New Survey Finds European Crypto Investors are still rising. What’s pushing them?

Paigambar Mohan Raj
Source: Pexels

According to a new survey for the financial stability review by the European Central Bank (ECB), one in every ten households, in the six Euro zones selected for the poll, held crypto. The research shows that while the wealthiest are the most likely to possess crypto assets, poorer households are not far behind.

The countries that were considered for the poll were Belgium, France, Germany, Italy, the Netherlands, and Spain. The Netherlands had the highest percentage of crypto owners (14%) among the six Eurozone countries, while France had the least with only 6%.

Findings of the report

The majority of cryptocurrency owners reported having less than €5,000 in digital assets, with a slight preference for lower holdings (below €1,000). On the other hand, around 6% of crypto-asset owners acknowledged that they had more than €30,000 in crypto-assets.

The trend is broadly U-shaped when looking at the respondents’ income quintiles: the greater a household’s income, the more probable it is to have crypto-assets, with lower-income households being more likely to possess cryptocurrencies than middle-income households.

This fact leads to the speculation that middle-income households are more reluctant to put their capital into risky assets.

Source: European Central Bank

In the nations questioned, young adult men and those with higher education were more inclined to invest in crypto-assets. Respondents who scored at the top or bottom of the financial literacy scale were much more likely to own crypto-assets. It can be speculated that people with more knowledge, and people with little knowledge, were more open to digital investments, rather than those who had a middle ground awareness regarding the same.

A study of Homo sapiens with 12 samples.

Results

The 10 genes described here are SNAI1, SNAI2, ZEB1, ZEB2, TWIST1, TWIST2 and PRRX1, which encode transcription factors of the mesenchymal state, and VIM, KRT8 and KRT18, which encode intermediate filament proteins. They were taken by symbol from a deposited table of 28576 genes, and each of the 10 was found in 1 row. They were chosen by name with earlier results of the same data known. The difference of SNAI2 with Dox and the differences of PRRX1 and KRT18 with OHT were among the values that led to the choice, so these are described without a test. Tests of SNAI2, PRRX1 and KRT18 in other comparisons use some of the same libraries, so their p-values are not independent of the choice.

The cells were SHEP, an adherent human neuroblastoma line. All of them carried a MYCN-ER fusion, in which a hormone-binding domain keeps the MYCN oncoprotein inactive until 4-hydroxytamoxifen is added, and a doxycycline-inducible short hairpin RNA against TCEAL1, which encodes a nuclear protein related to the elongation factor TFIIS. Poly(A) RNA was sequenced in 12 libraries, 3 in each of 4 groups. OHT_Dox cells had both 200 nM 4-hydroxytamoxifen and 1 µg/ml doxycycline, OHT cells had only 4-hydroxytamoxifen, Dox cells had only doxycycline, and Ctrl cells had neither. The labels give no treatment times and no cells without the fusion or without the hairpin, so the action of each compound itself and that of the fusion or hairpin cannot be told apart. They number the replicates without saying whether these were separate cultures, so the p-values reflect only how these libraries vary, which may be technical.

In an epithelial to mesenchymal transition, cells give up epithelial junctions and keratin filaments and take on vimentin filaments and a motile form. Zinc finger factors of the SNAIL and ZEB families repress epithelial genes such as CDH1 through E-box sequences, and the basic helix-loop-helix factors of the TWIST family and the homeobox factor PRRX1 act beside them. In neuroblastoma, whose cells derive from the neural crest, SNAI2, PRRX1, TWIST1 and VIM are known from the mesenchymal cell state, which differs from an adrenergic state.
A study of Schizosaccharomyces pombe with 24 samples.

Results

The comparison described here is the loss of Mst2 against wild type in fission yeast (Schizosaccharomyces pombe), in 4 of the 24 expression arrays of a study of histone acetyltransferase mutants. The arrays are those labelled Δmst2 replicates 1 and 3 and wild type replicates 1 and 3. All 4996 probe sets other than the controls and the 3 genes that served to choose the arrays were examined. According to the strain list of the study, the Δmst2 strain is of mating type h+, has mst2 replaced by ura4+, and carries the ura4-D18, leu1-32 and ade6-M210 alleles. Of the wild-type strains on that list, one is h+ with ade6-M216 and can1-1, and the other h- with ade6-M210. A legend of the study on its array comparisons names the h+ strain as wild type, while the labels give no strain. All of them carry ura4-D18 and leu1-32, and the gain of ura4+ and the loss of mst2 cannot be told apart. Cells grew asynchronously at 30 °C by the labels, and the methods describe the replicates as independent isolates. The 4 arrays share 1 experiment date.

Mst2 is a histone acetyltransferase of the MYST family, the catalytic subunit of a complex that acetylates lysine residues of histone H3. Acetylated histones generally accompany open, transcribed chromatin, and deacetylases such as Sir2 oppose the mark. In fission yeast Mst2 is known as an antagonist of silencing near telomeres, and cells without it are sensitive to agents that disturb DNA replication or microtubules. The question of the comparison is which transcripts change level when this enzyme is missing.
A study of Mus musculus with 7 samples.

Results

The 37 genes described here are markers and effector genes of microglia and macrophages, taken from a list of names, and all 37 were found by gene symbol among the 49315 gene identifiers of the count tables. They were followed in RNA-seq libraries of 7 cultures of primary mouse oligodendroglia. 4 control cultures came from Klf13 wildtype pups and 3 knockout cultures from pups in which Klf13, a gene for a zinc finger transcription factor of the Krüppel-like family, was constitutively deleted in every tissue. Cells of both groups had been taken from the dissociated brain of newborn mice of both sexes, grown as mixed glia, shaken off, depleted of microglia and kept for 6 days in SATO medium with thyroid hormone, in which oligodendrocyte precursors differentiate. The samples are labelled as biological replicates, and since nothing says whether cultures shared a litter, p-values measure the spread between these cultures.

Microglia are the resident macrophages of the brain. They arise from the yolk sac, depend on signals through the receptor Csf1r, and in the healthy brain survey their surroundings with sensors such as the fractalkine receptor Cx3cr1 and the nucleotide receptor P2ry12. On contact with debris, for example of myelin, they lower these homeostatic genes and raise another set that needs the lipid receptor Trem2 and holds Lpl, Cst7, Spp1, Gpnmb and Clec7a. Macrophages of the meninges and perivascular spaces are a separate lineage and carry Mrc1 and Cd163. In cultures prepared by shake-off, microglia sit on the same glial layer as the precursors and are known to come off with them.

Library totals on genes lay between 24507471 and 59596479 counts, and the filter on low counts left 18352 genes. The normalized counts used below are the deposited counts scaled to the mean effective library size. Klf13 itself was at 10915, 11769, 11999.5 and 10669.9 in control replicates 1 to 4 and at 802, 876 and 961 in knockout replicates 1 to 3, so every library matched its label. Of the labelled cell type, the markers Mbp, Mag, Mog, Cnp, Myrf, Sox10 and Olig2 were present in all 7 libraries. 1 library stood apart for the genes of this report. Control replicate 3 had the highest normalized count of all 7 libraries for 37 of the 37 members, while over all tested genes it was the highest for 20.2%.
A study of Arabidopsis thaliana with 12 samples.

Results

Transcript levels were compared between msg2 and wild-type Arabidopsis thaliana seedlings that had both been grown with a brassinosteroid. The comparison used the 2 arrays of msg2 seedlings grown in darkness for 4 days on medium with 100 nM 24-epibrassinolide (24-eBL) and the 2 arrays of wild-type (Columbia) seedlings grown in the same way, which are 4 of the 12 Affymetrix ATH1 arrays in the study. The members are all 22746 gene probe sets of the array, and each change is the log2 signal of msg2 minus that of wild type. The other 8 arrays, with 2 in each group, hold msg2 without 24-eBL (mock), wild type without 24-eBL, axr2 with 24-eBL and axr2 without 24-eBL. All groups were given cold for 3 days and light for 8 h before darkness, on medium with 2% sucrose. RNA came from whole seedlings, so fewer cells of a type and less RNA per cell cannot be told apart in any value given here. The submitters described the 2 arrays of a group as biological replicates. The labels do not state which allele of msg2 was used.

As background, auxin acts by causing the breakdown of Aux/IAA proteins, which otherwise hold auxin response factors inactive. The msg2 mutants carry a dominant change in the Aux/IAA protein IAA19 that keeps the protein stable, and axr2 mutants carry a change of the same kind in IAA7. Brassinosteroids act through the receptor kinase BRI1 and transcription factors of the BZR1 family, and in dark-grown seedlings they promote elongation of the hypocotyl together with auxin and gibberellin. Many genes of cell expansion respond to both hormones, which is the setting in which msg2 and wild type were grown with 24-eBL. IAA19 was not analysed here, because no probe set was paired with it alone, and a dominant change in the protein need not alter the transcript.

European crypto investors on the rise

Fidelity Digital Assets, a custody and execution services provider, found that 56% of European institutional investors had some degree of exposure to digital assets, up from 45% in 2020, with their intention to invest likewise growing upwards.

Since July 20, 2021, German institutional investment funds have been permitted to invest up to 20% of their assets in cryptocurrency. This is supported even further by the growing availability of crypto-based derivatives and securities on regulated exchanges, such as futures, exchange-traded notes, exchange-traded funds, and OTC-traded trusts, which have grown in popularity in Europe in recent years.

According to European regulatory agencies, which recently renewed their warning, crypto-assets are very risky and speculative. Increased financial institution engagement might accelerate the rise of crypto-assets and put financial stability at risk, as per the ECB’s report. Although EU regulation to reduce the dangers presented by crypto-assets has been proposed, no consensus has yet been reached.